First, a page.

Cannabis, no longer so divisive, draws more conservative support
Three of the four states voting on recreational use are red ones: Arizona, Montana and South Dakota. New Jersey, which swings liberal, is also considering adult-use legalization.
As Americans head to the polls more divided than ever on social and economic issues, there’s one thing they’re actually coming together on: cannabis.
Much has been made of whether a victory for Democratic nominee Joe Biden, or a potential liberal sweep in the Senate, could bolster marijuana companies. But initiatives on the ballot in a handful of conservative states show Republicans are increasingly on board with legalization as well — perhaps paving the way for an end to federal prohibition, no matter who controls Washington.
"The prevailing wisdom has been that a conservative administration would be less receptive, but I think legalization is now inevitable on its own kinetic energy," said Sturges Karban, chief executive officer of cannabis logistics company ManifestSeven. While federal legalization was a political "third rail" as recently as 2016, he said, it now looks as though 2021 will be a turning point for the industry.
Pot pundits have long said national legalization will only gain ground once Republican senators have a reason to bring up the issue. After Nov. 3, that could happen, with more of their constituents supporting the measure. Three of the four states voting on recreational use are red ones: Arizona, Montana, and South Dakota. New Jersey, which swings liberal, is also considering adult-use legalization. Medical use is on the ballot in conservative Mississippi and South Dakota.
Ahead of the election, 33 states had already adopted medical or adult use, so any additional states would just add to what's already a critical mass of support.
A survey of 500 New Jersey voters from law firm Brach Eichler LLC earlier this month showed not only is the state likely to vote to legalize adult recreational use by a 2-to-1 margin, but Republican support is also there. Democrats were still the ones more in favor — at 75%, but the majority of Republicans also supported the measure — at 52%.
"People are just much less afraid of marijuana than they used to be," said John Fanburg, who co-chairs the cannabis practice at the New Jersey-based law firm that conducted the poll. He attributes that to the state's successful medical program, which has grown from 20,000 participants three years ago to 90,000, removing the stigma of marijuana for thousands of people on both sides of the political aisle.
Similar trends are playing out in red states. In Arizona, by far the most populated of the traditionally conservative states considering legalization, the measure is polling at 56% support, according to a recent poll from Monmouth University. Only in Montana, where around 49% of voters are in favor, is the initiative less likely, according to a recent report from Eight Capital analyst Graeme Kreindler.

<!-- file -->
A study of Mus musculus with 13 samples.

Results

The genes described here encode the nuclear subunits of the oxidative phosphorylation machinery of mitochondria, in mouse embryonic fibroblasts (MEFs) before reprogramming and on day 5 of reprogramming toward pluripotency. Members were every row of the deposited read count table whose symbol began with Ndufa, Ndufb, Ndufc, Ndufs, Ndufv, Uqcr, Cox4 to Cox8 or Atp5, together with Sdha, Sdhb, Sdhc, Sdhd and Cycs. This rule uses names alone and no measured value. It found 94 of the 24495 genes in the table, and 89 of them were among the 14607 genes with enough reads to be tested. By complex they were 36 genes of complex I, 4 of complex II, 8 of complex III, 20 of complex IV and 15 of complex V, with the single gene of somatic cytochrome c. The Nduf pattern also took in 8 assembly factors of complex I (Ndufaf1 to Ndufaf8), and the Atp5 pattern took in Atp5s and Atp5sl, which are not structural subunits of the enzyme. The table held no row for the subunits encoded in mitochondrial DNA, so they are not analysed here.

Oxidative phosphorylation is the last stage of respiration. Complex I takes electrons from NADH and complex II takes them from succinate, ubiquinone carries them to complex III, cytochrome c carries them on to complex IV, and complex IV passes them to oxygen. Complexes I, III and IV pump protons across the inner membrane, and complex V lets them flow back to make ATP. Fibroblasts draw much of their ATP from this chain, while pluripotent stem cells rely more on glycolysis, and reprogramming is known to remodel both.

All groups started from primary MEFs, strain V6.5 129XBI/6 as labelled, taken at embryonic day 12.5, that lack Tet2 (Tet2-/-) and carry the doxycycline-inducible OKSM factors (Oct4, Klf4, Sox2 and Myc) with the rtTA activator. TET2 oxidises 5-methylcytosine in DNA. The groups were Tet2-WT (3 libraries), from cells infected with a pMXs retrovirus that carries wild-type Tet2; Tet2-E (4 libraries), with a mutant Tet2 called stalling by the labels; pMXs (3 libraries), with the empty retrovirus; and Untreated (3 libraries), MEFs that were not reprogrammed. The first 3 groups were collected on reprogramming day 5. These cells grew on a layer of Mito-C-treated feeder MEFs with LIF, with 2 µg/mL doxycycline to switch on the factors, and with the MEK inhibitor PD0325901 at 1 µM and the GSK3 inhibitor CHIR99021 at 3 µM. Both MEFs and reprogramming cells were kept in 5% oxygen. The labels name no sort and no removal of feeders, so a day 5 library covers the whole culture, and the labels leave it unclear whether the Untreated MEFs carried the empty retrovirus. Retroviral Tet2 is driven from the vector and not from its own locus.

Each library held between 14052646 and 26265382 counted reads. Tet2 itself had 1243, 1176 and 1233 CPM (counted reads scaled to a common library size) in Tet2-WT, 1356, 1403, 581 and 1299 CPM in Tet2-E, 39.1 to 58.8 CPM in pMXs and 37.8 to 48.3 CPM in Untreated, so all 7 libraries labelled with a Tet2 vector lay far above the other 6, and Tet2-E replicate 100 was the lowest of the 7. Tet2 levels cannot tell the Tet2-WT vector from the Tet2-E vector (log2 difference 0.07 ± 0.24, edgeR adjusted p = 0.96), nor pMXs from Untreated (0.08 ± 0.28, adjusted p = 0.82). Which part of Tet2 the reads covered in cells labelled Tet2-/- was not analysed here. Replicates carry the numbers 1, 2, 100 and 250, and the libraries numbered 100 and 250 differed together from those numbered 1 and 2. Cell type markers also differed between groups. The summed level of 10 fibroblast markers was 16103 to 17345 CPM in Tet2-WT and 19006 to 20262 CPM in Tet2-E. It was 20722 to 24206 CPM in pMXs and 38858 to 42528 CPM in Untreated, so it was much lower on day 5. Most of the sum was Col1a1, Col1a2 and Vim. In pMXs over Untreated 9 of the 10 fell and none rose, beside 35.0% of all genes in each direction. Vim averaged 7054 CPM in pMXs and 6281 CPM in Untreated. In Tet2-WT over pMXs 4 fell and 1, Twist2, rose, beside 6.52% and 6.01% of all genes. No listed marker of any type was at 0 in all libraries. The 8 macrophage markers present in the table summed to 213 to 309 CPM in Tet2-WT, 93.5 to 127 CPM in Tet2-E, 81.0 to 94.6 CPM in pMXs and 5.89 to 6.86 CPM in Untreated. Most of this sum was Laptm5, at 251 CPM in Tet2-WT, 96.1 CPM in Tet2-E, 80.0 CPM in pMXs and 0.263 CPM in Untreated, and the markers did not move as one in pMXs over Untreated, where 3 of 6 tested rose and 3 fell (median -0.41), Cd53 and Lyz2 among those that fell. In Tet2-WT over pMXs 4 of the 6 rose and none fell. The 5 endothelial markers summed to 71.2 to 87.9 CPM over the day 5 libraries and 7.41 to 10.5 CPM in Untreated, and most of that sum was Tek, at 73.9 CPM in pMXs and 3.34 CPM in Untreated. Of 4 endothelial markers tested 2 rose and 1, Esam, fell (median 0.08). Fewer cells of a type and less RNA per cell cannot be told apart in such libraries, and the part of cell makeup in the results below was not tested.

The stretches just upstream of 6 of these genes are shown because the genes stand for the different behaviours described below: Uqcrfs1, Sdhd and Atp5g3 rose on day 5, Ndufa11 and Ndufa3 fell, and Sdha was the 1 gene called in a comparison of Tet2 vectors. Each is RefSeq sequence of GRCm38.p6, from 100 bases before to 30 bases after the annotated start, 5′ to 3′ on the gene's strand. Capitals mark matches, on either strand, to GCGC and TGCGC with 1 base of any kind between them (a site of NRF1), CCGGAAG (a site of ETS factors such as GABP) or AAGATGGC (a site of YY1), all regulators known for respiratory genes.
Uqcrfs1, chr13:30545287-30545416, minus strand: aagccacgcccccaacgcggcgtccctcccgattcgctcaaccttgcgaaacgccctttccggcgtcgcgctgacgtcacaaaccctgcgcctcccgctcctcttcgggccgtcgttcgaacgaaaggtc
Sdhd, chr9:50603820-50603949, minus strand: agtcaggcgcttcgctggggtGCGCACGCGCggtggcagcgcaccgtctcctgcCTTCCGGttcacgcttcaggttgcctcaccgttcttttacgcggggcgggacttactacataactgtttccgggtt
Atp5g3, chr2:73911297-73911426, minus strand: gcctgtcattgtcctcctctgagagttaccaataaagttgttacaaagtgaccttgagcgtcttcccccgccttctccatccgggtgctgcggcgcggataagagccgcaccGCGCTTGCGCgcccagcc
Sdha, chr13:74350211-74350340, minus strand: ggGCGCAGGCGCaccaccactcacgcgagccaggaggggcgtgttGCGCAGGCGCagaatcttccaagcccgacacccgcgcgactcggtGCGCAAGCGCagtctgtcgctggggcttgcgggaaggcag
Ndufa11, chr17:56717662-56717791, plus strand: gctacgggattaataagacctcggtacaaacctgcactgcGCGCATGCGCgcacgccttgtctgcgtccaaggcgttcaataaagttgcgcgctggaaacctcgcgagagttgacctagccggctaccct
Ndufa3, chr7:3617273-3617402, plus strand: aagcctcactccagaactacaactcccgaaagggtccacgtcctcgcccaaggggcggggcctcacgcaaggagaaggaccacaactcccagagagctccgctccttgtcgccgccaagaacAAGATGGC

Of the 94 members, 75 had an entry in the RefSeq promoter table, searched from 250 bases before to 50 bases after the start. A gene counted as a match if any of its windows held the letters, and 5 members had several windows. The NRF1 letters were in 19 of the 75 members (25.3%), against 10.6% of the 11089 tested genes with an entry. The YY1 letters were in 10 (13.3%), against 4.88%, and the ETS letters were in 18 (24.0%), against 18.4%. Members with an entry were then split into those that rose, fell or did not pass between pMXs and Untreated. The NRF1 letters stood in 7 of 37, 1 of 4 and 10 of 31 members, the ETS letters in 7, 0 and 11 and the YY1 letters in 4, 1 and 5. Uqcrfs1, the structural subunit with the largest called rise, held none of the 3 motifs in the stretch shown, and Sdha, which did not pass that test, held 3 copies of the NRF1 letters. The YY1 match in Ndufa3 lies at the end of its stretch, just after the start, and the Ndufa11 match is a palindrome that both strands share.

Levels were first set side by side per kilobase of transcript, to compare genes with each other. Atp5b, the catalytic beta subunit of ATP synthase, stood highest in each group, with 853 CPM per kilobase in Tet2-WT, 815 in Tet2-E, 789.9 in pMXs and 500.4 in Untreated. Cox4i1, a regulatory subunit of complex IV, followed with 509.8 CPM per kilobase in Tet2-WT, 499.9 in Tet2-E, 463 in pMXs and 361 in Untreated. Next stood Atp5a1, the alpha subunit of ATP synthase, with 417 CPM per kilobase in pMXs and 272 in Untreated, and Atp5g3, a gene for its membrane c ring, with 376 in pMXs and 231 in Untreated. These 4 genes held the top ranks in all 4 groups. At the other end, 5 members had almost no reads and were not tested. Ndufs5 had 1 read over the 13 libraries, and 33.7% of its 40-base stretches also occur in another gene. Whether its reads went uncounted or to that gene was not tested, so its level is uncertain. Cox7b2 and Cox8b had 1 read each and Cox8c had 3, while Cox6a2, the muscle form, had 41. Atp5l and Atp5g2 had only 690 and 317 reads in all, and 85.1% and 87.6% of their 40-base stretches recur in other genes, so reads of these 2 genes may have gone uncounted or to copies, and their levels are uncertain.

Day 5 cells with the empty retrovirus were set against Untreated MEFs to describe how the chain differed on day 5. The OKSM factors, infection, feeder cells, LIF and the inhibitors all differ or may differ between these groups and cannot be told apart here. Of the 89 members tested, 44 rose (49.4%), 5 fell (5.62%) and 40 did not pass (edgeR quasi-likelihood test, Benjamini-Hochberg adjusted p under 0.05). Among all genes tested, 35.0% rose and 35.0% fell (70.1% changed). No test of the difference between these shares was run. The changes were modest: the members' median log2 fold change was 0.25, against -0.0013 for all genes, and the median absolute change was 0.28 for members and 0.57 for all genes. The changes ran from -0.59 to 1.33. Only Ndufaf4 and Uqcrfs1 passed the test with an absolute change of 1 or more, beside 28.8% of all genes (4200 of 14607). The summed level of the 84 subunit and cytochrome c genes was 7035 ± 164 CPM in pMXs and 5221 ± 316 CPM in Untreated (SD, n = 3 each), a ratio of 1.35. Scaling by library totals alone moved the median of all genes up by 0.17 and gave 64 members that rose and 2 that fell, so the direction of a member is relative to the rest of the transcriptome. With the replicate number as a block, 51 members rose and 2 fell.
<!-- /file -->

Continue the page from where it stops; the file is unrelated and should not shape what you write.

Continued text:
"The red states are empirical evidence that there's enough demand and support at the grassroots that the issue is agnostic to party," Karban said. "How do you ignore that if you're in Washington?"
As bipartisan support for legalization grows in states across the country, there's increased likelihood of change at the federal level, too. First up might be the STATES Act, which wouldn't legalize cannabis but would defer authority to states, giving them leeway to allow interstate traffic and further develop their own laws.
The act has a good chance of passing in the first year of a new administration. If it does, it would pave the way to get rid of the industry’s biggest albatross — tax code 280E. Without the measure, which bars cannabis companies from deducting their operating expenses for tax purposes, many companies would suddenly have better cash flow, Cowen analyst Vivien Azer said in a Sept. 24 research note. Three multistate operators that she rates outperform — Green Thumb Industries Inc., Curaleaf Holdings Inc,. and Cresco Labs Inc. — would immediately have positive earnings.
The STATES Act would also pave the way for banks to serve the cannabis industry, letting companies take out loans, accept credit and debit cards, and have checking accounts if they comply with state laws, said Cowen analyst Jaret Seiberg. He predicts the STATES Act could pass quickly under a Biden victory, but that even President Donald Trump might also sign the bill from a Democratic Senate if he returns to the White House.
If the STATES Act doesn't gain support, either candidate could get behind the SAFE Act, which would allow banking. The MORE Act, which would altogether legalize marijuana, is only on the table under a Biden victory, Seiberg said.
But in the new COVID-19 era, with a new need for tax revenue and job creation, there's no telling what could happen.
“We’re cresting the summit on changing federal law,” said Graham Boyd, who heads the New Approach Political Action Committee, which has run ballot initiatives on recreational use. “Its been a painful uphill climb until now with the Senate being unmoved. But with South Dakota and Arizona and Montana on board, it starts to change that because they have Republican senators.”